Just over 36 years ago, on October 31, 1978, the Pregnancy Discrimination Act (“PDA”) was signed into law, extending the protections of Title VII to pregnant women. This summer, the Equal Employment Opportunity Commission (“EEOC”) issued new enforcement guidance on pregnancy discrimination, explaining how both the PDA/Title VII and the Americans with Disabilities Act provide protections for pregnant women in the workplace.
While much of the response to the EEOC’s new enforcement guidance has focused on the provisions that require employers to provide reasonable accommodations to pregnant women, another important aspect of the guidance – one that affects both men and women – has received substantially less attention. In the new guidance, the EEOC clarifies that under Title VII men and women are entitled to parental leave on an equal basis. To be precise, “similarly situated men and women” must receive parental leave “on the same terms.” What does this mean? It means that any leave provided to a new mother that extends beyond the “period of recuperation from childbirth” must also be provided to a new father. In other words, any leave provided for the purpose of bonding with a child or providing care for a young child – as opposed to leave that is provided for the purpose of recuperating from childbirth – must be provided equally to men and women. Moms and dads get the opportunity to bond with and care for their babies.
Employers in Massachusetts should already be prepared to treat men and women equally. Although the Massachusetts Maternity Leave Act (“MMLA”) provides eight weeks of unpaid leave for any qualifying “female employee,” the Massachusetts Commission Against Discrimination (“MCAD”) has long taken the position that providing leave only to female employees may constitute sex discrimination. However, despite the MCAD’s long-standing guidelines, some employers have issued written employment policies that state that leave under the MMLA is reserved to women, while other employers have verbally informed male employees that they do not follow the MCAD’s guidelines and therefore do not provide parental leave to men. Nationwide, employers do not treat men and women equally: according to the White House Counsel of Economic Advisers (“CEA”), fifty-eight percent of employers report that they offer paid maternity leave, while only fourteen percent of employers offer paid leave to spouses or partners. (As the CEA also notes, “The United States is currently the only developed country that does not offer government-sponsored paid maternity leave.” Employees covered by the Family and Medical Leave Act (“FMLA”) are eligible for 12 weeks unpaid leave to care for a baby in the first year after its birth or placement for adoption.)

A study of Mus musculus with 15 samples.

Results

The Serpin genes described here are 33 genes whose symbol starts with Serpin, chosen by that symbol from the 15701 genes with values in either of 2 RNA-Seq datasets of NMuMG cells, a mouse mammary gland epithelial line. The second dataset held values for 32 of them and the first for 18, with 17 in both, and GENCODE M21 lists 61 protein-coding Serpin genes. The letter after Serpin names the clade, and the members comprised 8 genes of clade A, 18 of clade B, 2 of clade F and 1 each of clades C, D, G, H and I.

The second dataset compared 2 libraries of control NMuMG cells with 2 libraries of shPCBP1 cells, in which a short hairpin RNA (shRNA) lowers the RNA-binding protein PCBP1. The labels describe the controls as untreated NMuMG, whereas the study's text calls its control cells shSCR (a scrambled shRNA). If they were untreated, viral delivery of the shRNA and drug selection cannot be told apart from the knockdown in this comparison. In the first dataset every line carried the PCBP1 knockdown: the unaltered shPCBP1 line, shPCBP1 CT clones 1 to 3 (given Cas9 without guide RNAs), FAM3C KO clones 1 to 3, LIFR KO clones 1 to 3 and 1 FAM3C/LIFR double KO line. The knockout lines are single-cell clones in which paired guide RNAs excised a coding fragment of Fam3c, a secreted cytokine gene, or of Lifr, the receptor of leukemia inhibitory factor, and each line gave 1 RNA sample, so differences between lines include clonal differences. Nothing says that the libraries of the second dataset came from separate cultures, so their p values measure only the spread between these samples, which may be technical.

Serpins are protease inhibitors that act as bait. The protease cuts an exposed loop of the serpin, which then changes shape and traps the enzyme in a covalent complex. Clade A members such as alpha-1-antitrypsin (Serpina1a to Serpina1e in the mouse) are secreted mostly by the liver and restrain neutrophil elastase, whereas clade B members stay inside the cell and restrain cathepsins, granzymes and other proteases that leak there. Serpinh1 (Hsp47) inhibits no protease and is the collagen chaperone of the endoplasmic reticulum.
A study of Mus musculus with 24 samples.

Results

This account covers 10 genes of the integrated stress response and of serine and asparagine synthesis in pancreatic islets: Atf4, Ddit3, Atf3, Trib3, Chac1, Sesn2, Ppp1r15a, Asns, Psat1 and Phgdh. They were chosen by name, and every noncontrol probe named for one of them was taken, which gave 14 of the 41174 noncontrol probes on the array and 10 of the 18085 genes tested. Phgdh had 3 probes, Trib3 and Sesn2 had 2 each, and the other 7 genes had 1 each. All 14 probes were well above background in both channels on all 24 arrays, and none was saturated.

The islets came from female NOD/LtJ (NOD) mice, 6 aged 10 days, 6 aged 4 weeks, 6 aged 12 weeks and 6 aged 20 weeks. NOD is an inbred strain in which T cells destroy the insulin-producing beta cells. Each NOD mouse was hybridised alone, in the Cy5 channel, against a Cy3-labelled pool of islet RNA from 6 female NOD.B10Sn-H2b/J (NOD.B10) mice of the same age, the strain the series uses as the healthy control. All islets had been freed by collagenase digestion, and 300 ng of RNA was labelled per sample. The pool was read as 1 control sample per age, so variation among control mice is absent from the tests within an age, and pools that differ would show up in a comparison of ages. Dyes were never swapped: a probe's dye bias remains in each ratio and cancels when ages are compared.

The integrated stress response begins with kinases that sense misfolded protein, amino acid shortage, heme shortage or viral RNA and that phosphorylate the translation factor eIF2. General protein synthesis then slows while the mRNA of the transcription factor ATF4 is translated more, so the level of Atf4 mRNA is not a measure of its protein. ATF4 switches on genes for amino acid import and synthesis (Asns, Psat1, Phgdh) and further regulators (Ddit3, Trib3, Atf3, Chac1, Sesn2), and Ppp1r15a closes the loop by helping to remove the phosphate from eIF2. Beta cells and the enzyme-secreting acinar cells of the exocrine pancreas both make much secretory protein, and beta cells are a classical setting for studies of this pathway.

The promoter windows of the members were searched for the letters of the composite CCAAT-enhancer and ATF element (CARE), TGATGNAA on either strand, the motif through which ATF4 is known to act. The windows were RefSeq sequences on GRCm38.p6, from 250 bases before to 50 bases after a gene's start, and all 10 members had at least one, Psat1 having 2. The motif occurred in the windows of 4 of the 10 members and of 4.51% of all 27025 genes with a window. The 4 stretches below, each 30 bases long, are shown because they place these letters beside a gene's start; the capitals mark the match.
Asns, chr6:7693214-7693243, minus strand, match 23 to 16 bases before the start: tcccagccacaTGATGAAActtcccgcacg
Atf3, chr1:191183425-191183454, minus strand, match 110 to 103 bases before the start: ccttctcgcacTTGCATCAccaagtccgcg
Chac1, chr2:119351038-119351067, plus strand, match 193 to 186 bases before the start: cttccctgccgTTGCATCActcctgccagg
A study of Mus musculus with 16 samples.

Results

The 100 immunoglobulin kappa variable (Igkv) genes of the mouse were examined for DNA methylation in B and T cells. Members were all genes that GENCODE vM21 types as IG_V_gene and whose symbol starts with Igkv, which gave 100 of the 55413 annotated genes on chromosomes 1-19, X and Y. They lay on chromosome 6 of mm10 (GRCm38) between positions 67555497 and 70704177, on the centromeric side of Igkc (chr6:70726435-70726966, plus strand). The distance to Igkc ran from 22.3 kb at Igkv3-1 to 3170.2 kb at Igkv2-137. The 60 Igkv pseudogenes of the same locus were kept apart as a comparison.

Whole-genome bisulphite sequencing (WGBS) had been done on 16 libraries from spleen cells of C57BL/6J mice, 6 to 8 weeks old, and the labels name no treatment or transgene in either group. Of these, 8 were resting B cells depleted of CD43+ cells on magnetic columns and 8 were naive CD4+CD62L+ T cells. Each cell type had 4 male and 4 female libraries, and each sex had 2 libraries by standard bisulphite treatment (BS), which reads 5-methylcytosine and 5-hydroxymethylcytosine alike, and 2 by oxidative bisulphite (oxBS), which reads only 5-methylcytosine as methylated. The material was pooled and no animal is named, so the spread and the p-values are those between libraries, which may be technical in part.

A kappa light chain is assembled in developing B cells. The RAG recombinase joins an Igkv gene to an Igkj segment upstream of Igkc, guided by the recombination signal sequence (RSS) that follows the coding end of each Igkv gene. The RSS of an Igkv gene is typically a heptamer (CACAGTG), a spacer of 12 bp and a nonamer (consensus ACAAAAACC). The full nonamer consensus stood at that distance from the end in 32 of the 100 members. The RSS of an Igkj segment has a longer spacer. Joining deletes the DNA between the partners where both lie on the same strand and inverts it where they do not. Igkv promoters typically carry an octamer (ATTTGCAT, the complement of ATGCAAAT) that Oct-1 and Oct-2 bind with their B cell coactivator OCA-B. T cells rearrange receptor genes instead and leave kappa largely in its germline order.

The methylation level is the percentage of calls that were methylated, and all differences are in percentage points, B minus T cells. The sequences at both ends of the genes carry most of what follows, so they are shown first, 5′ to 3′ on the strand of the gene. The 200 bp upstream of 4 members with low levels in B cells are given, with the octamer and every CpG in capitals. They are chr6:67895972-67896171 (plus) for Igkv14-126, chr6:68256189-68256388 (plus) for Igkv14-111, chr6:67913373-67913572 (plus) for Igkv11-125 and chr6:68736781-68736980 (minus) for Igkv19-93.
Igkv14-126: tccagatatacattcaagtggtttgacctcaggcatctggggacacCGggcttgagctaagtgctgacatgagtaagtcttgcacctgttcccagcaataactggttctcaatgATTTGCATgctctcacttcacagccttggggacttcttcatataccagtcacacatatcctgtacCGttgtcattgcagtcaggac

Men who do take parental leave frequently report that it is hard to do so. They may be stigmatized in the workplace; men also report pressure from supervisors and even colleagues not to take leave or to take as little leave as possible. At least one Massachusetts employer rewrote its employee handbook to delete its paternity leave policy after two men actually attempted to take paternity leave consistent with the company’s written policy.
The EEOC has now reaffirmed the basic principle that similarly-situated men and women must receive equal treatment in the workplace. Men and women must have equal opportunities to care for and bond with their children. Likewise, families with two fathers must have equal opportunities to care for and bond with their children. While workplace cultures may need to evolve to catch up with this reality, the EEOC’s view of the law is clear: men and women must receive parental leave on equal terms.